Monday, September 17, 2012
Race for the Cure
On Saturday, I came to Tulsa to be a part of Race for the Cure. It was something we all used to do together, as a family. It had become a sort of tradition. A couple of years ago, I ran the 5K, too, for the first time, and we all got hot pink wigs. It was fun.
Last year at RFTC time, I was a few weeks from delivery with Ally, Megan was too busy with her new salon, and I don't know what Conor was doing, but my mom went alone. She was still healthy then, and none of us knew how little time we had left with her or I believe we all would have been there, no matter what.
Race for the Cure stirred up a lot of emotions for me this year. I started a team in her honor, Team M&M. Well, actually it was for her and her good friend Margo McLea, who died a few months after my mom did.
Tonight I was laying in bed, unable to sleep, remembering random things about my mom, and reflecting on how many people came to Race for the Cure in honor of these two wonderful ladies. I remembered a phone conversation I had with my mom a few weeks before she passed. She hadn't yet started hospice care, but she was a few days, maybe a week from it, and she knew it. Margo had just been re-diagnosed, and she had come to see my mom. Her future was grim, and she knew she would be following my mom into hospice care shortly. My mom talked to Margo about what would probably begin to happen to her, which systems were shutting down, and what drugs had brought her the most comfort in the end.
She told me about this visit, "I think the Lord wanted me to hang on so that I could prepare Margo and be there for her through this before I passed." I just cried. I said, "Mom, only you would be thinking of service when you are on your death bed, barely able to manage your own pain and comfort levels."
One Sunday at some point shortly before this incident, her stake president and her bishop showed up at her door during the time her ward was supposed to be meeting. They had come to give her a blessing. Her blessing told her that she was such a beloved child of God, that he would grant unto her the time she would pass. He would allow her to choose for the benefit of her loved ones on this side of the veil and the other.
When she got into the hospice care home she wanted to go to, another good friend came to help our family move her and a few things over. At this point, she was in and out of coherent thought, and was known to say some random, strange things at times. When they were wheeling her out, she told the friend, "Oh, I'm only going to be there for 3 days." Her friend later told me, "I thought she looked pretty good for starting hospice care and so I told her, 'Oh, I don't know, Mollie, you might be there longer than that.'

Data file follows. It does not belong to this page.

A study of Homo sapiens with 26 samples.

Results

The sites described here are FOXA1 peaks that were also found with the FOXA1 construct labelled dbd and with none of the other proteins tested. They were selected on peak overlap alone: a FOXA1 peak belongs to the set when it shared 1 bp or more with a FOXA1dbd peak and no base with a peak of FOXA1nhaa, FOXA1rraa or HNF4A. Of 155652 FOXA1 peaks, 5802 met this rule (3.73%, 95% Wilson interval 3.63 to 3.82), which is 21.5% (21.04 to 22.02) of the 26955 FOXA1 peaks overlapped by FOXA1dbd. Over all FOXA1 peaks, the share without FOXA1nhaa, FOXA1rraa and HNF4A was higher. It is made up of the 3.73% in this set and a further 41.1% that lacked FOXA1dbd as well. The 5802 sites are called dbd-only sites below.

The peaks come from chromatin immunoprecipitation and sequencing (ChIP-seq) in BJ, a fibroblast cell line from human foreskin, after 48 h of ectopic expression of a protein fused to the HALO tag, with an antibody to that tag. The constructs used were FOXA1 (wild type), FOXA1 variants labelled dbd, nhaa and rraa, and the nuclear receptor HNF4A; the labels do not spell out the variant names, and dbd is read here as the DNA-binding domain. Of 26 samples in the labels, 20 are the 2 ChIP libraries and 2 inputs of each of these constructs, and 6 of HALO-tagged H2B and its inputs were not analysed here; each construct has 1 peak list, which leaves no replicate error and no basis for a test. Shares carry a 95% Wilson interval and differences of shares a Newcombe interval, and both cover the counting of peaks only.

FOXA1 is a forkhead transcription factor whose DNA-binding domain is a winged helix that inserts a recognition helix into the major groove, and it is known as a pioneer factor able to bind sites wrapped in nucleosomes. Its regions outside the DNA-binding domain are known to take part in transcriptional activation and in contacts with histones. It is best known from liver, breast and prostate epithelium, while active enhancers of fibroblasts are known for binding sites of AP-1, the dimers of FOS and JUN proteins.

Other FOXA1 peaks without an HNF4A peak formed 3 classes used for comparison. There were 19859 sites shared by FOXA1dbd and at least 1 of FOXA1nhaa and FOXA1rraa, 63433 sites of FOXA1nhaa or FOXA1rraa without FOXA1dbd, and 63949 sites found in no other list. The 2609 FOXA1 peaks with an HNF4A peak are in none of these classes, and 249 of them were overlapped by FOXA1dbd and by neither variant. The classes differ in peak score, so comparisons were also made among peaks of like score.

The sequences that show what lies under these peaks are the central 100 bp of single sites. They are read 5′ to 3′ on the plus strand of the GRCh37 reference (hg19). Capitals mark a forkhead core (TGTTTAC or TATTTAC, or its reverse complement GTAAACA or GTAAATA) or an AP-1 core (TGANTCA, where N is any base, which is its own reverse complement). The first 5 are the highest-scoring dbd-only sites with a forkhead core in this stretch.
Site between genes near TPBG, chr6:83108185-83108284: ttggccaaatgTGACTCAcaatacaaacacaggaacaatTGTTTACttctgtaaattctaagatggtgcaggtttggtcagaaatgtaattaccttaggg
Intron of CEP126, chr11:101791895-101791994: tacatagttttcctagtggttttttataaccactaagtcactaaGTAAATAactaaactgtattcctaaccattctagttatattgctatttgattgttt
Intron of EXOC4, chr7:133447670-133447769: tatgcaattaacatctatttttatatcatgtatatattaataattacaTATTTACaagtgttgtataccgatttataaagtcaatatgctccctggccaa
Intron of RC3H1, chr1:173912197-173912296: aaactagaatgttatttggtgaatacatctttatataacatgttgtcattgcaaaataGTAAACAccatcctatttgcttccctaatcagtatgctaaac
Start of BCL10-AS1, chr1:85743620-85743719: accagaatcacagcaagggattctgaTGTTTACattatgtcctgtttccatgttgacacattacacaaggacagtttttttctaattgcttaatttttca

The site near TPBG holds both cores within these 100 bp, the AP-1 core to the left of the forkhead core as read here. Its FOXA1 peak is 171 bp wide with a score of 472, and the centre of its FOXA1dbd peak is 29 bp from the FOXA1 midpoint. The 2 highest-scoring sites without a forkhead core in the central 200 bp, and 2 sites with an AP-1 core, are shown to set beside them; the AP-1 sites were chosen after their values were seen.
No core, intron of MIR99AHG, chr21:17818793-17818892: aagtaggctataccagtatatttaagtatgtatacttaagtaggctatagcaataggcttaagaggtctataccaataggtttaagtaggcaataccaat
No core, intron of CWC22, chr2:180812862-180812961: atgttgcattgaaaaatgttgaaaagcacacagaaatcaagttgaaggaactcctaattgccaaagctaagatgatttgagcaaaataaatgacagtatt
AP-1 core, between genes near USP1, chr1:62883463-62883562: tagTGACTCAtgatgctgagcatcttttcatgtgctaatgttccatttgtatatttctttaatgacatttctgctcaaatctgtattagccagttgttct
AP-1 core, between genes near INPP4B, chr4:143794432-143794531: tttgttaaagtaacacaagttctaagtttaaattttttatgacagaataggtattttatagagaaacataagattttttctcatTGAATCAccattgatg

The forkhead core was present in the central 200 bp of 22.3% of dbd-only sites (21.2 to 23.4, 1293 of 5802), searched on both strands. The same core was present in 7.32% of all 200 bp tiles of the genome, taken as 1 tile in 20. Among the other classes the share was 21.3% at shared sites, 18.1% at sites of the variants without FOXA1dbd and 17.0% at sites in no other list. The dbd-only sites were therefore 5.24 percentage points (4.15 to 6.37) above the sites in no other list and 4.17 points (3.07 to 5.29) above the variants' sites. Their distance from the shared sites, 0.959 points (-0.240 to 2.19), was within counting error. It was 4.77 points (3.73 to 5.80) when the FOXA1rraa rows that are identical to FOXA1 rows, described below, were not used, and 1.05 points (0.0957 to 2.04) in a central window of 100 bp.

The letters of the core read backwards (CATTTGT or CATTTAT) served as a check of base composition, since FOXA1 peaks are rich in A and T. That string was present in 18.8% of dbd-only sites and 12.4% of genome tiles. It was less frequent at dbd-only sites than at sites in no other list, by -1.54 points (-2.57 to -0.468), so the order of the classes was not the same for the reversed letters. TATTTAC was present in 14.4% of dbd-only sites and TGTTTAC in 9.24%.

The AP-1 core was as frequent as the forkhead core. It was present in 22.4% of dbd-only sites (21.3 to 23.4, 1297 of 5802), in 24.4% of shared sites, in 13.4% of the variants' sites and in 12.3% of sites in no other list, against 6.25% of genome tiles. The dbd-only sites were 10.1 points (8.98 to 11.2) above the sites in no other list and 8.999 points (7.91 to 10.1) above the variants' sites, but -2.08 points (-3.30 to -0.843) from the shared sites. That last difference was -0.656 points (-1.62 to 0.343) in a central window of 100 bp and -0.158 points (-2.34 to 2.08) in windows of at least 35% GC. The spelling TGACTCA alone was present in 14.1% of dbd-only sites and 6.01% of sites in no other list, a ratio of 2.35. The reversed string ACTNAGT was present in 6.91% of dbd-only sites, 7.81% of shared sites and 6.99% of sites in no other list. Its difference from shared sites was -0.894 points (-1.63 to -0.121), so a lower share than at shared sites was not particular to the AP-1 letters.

She moved into the hospice care home that afternoon and died almost exactly 3 days later.
This time of year is also hard for me because Ally will be 1 year old in 3 weeks. I think it will always be a bittersweet memory because it was really the last time I got to spend time with my mom where she was really healthy. When she was here, she said she considered it a miracle to be able to be there for Ally's birth. We noticed while she was here that she was having trouble breathing and was getting worn out easily. Her eye was doing some strange things, and so we sent her home as soon as we could with orders to go see her doctor at once. In November, she was put on oxygen. By Thanksgiving, she wasn't leaving the house much, and she had lost a lot of weight. When I came to visit that month, Megan and I wheeled her around Kohl's so she could get some new clothes that fit and were comfortable.
She came to Allen, TX, for our extended family Christmas, but she wasn't feeling well at all. She was pretty much on oxygen 24-7 at that point.
It is such a mystery how you can lose someone so quickly. Someone so bright and so much a part of your life, and then they are just gone. And sometimes it seems like they were just a dream.
In my mother's house, my brother now smokes pot in his room. In my mother's house, my sister's new boyfriend now spends the night 5 nights a week, with her young daughters upstairs. In my mother's house, my dad knowingly lets this happen. It isn't my mother's house anymore, and I don't feel "safe" there anymore.
Sometimes I want to let distance come between us and just accept that I have my own family now and I need to focus on them. I want to. It would be easier.
Then I hear my mother whispering to me not to do that. I'm all they've got now. All that is left of the standards that she raised us by. The values that made her her. Even if they don't know it or don't want it or think I'm the wierdest person ever, they need me. And maybe I can do some good. Maybe something I say or do will have an impact. I don't know. Right now it feels like a losing battle.